Elio Delgado Legón
HAVANA TIMES — In my previous post about the Cuban anti-terrorist activists serving long prison sentences in the United States for the sole reason of monitoring terrorist organizations which were preparing to carry out violent actions against Cuba, I stated that the Five (as these activists are known) were the victims of innumerable legal irregularities and violations and that I would enumerate these in another post.
This is what I will try to do now, though, given the limited space available for my post, I might not be able to offer an exhaustive list of these incidents.
One of the main decisions in violation of U.S. law – the Fifth and Sixth Amendments and international law, specifically – was that of holding the trial in Miami, where these terrorist organizations have control over the justice system and make just and impartial proceedings impossible.
This fact was denounced on several occasions by the defense, who requested a change of venue – a request which was denied.
Defense attorneys had access to only 20 percent of the case documents, something which seriously hampered their work. In addition, they were constantly denied the possibility of meeting with the detainees in order to adequately prepare their defense.
The prosecution, aware that it could not prove the charge of conspiracy to commit murder in the first degree brought against Gerardo Hernandez, asked the court to disregard these charges.
The jury, however, declared Hernandez guilty of this crime and the court sentenced him to life imprisonment, an extraordinary decision that had never before been seen in a lawful trial.
With respect to the charges of conspiracy to commit espionage, not one shred of evidence proving these men had obtained secret U.S. government information was presented.
During the trial, numerous military officers, including two generals, an admiral and colonel testified that the accused had not had access to classified information.
A former head of the Pentagon’s Intelligence Agency even declared, as a witness of the prosecution, that the accused had not conducted espionage in the United States. The Five were, nonetheless, declared guilty of this.
Another serious charge brought against the Five was that of conspiracy to commit crimes against the United States. Though the defense proved that these men were only after information on terrorist groups based in south Florida, not anything that could put the country’s national security at risk, the jury declared them guilty of this crime.
Another flagrant violation of U.S. law was keeping the accused in solitary confinement cells for 17 months. The law establishes that inmates may be kept in such cells for a maximum of 60 days, and only for cases of grave indiscipline.
Numerous human rights violations have been committed in the course of the Cuban Five’s incarceration, such as preventing family visits and even denying two wives the right to see their spouses in prison on repeated occasions.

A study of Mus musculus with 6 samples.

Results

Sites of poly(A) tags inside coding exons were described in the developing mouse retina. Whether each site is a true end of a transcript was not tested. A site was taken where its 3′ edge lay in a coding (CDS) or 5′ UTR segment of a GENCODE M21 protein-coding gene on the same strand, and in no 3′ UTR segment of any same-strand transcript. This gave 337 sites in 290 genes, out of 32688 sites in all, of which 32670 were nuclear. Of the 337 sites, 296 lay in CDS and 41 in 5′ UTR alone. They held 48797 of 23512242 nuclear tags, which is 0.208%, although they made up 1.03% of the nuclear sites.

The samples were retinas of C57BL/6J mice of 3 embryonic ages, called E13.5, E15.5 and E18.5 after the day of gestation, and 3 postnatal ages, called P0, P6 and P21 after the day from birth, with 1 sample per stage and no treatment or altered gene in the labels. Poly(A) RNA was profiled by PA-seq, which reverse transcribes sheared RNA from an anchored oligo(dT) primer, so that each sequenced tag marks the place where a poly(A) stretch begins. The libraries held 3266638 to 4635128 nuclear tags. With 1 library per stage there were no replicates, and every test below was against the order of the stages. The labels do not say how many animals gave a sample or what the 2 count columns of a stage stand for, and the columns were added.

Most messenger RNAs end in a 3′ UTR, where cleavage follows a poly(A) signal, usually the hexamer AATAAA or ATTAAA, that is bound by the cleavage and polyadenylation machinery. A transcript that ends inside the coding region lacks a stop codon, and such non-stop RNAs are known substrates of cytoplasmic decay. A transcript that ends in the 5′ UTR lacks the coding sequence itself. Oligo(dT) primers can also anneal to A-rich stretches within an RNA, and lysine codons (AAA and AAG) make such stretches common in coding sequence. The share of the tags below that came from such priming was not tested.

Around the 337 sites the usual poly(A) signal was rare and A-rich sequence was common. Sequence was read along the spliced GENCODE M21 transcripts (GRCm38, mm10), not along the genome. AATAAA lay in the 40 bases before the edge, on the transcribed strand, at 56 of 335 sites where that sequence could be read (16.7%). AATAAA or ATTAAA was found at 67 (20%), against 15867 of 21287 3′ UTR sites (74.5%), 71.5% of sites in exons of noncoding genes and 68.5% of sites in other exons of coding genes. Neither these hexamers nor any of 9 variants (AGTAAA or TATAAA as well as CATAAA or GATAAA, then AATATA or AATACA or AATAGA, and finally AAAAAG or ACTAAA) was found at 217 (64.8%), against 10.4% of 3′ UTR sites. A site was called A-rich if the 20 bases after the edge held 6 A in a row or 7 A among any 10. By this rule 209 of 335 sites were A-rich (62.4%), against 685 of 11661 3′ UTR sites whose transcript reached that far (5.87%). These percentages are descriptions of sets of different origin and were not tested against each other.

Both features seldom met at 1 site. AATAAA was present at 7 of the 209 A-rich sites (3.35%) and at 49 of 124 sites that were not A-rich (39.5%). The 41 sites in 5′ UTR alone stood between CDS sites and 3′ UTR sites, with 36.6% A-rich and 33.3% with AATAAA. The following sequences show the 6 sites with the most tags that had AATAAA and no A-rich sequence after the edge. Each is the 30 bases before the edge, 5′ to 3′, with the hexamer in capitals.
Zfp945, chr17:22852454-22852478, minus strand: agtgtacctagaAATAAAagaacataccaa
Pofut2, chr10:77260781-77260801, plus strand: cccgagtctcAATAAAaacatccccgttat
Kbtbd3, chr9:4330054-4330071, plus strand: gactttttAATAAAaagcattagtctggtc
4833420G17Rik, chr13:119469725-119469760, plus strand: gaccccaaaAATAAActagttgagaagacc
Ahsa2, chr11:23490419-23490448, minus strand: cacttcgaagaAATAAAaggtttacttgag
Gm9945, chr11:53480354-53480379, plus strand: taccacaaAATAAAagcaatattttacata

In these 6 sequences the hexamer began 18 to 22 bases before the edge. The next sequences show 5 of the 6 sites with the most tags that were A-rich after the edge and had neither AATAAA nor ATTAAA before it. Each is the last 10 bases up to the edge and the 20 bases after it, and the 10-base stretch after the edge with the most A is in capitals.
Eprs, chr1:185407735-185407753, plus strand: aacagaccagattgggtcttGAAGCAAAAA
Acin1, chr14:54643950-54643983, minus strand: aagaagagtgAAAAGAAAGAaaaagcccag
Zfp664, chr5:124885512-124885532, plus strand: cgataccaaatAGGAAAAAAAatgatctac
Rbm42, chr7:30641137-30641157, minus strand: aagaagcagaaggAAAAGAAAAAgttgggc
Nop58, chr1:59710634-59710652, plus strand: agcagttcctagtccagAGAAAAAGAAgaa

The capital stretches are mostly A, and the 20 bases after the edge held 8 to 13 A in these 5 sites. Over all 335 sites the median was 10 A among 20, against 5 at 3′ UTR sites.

Defense attorneys and Cuban consular officers have also met with obstacles in their attempts to visit the men in prison, a fact that violates U.S. and international law.
Yet another measure against the Cuban Five in violation of U.S. law is the fact they were treated as common criminals. This violates Article 8 of the Standard Minimum Rules for the Treatment of Prisoners, which states:
“The different categories of prisoners shall be kept in separate institutions or parts of institutions taking account of their sex, age, criminal record, the legal reason for their detention and the necessities of their treatment.”
Ten years after their conviction, a number of documents came to light and revealed that the U.S. government paid numerous journalists from the Miami Herald, the New Herald, Diario Las Americas and several Miami radio and television broadcasters to lead a propaganda campaign against the accused throughout the duration of the trial, a clear and grave violation of the law.
During the trial, many of the individuals who take part in the preparation of terrorist actions against Cuba were sitting in the courtroom, looking directly at the members of the jury to bring pressures to bear upon them.
Outside of the courthouse, they would take down the license plates of jury members’ cars in order to intimidate them.
No one in their right mind would dare insist these men received a fair and impartial trial. The Five were convicted for political reasons, to cause Cuba more harm.
The president of the United States is duty-bound to free these political prisoners who were convicted at a trial fraught with irregularities, to rectify this situation which, because of the violations I have pointed out and many others I could not expound on, is a stain on the U.S. justice system.